CORRECTION: A previous version of this editorial stated that Judge Howard Manning is a federal judge. He is a superior court judge in Wake County. The editorial has been changed to reflect this. The Daily Tar Heel apologizes for the error.
The University’s decision to settle its long-running lawsuit with The Daily Tar Heel and seven other media outlets is welcome news. It’s a victory for transparency, accountability and adherence to North Carolina law. But it may be short-lived.
The University will likely continue to defy its responsibility to the public, and only continued pressure for transparency will reverse that course.
The lawsuit began two years ago, after the media’s requests for all records related to the then-fresh investigation into UNC’s football program were stymied by claims that the records were protected by the Family Educational Rights and Privacy Act.
Among the records UNC protected were many internal records related to the probe, as well as parking tickets received by student athletes.
It was a shoddy justification that became only more ridiculous with every pound of Wite-Out the University used to render the modest amount of records it did release incomprehensible.
The final blow to UNC’s case, dealt by Superior Court Judge Howard Manning, was a healthy dose of common sense: FERPA protects students’ academic records, not all records associated with students. In Manning’s words, FERPA doesn’t provide an “invisible cloak” to students for their entire time in Chapel Hill.
The University must now turn over full, unredacted player transcripts by Nov. 5. Their content will likely shed light on the embarrassing scandal, giving the public some insight into how it developed.
It’s a victory, but it comes two years late. And it will almost certainly be temporary.
One needs to look no further than the settlement agreement to realize that the battle’s not over. “The University does not recognize the establishment of any precedent (and) does not admit or consent to any view of the facts or interpretation of the law…” it reads. “The Plaintiffs do not agree with the University’s interpretation of the precedential value of this Agreement.”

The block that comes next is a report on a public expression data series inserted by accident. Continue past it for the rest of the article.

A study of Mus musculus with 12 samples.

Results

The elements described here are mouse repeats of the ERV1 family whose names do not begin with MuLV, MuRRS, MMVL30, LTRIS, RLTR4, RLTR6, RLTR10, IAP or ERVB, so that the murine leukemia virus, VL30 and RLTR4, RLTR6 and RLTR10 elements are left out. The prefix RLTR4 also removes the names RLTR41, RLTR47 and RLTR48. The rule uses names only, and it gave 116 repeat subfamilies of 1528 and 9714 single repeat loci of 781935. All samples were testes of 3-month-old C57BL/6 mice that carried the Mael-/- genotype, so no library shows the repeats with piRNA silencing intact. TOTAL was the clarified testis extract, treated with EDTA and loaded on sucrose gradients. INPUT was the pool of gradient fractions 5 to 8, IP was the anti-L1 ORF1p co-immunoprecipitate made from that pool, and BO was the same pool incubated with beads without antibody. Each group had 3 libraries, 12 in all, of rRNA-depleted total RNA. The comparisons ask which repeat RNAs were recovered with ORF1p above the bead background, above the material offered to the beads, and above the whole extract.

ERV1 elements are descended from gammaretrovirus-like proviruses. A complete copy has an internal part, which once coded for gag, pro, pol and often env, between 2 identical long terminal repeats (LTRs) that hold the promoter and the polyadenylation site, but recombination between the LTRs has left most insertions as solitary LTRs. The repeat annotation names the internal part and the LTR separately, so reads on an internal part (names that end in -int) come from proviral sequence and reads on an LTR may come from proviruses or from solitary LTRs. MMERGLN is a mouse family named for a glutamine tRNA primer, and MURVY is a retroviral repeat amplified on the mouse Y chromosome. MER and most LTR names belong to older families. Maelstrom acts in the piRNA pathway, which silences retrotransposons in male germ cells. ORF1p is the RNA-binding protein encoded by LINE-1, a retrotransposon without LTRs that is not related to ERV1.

We do not. Chancellor Holden Thorp has repeatedly justified the long — and costly — legal battle by saying that the University wants to be sure it is complying with federal law. This case was a test of whether UNC’s interpretation of FERPA was a valid one.
Judge Manning’s repeated criticisms of the University’s delusional interpretation have likely been discounted.
Apparently, South Building knows federal law better than a judge.
In addition, the University’s administration has admitted to going out of its way to not create public records.
In a deposition, associate athletic director for compliance Amy Herman admitted that she has been advised not to create public records in the course of her duties, saying that “it was pretty much in our heads which student athletes were involved.”
While this does not violate the letter of North Carolina public records law, it certainly violates the spirit of it. This tendency undermines the ability of the public, who subsidize the University, to earnestly examine its performance.
The University’s demonstrated resistance to public checks is probably not going to change any time soon.
One more denied request and UNC might well find itself on the losing end of another lawsuit. That means hundreds of thousands of dollars more in legal fees and another blow to this institution’s suffering reputation.
The University should take Judge Manning’s ruling to heart. Using a federal law as cover to violate North Carolina public records law in an effort to save face is a gross disservice to the public.
The public should begin to demand accountability from the University it funds.
The Daily Tar Heel will continue to fight, and others should follow suit.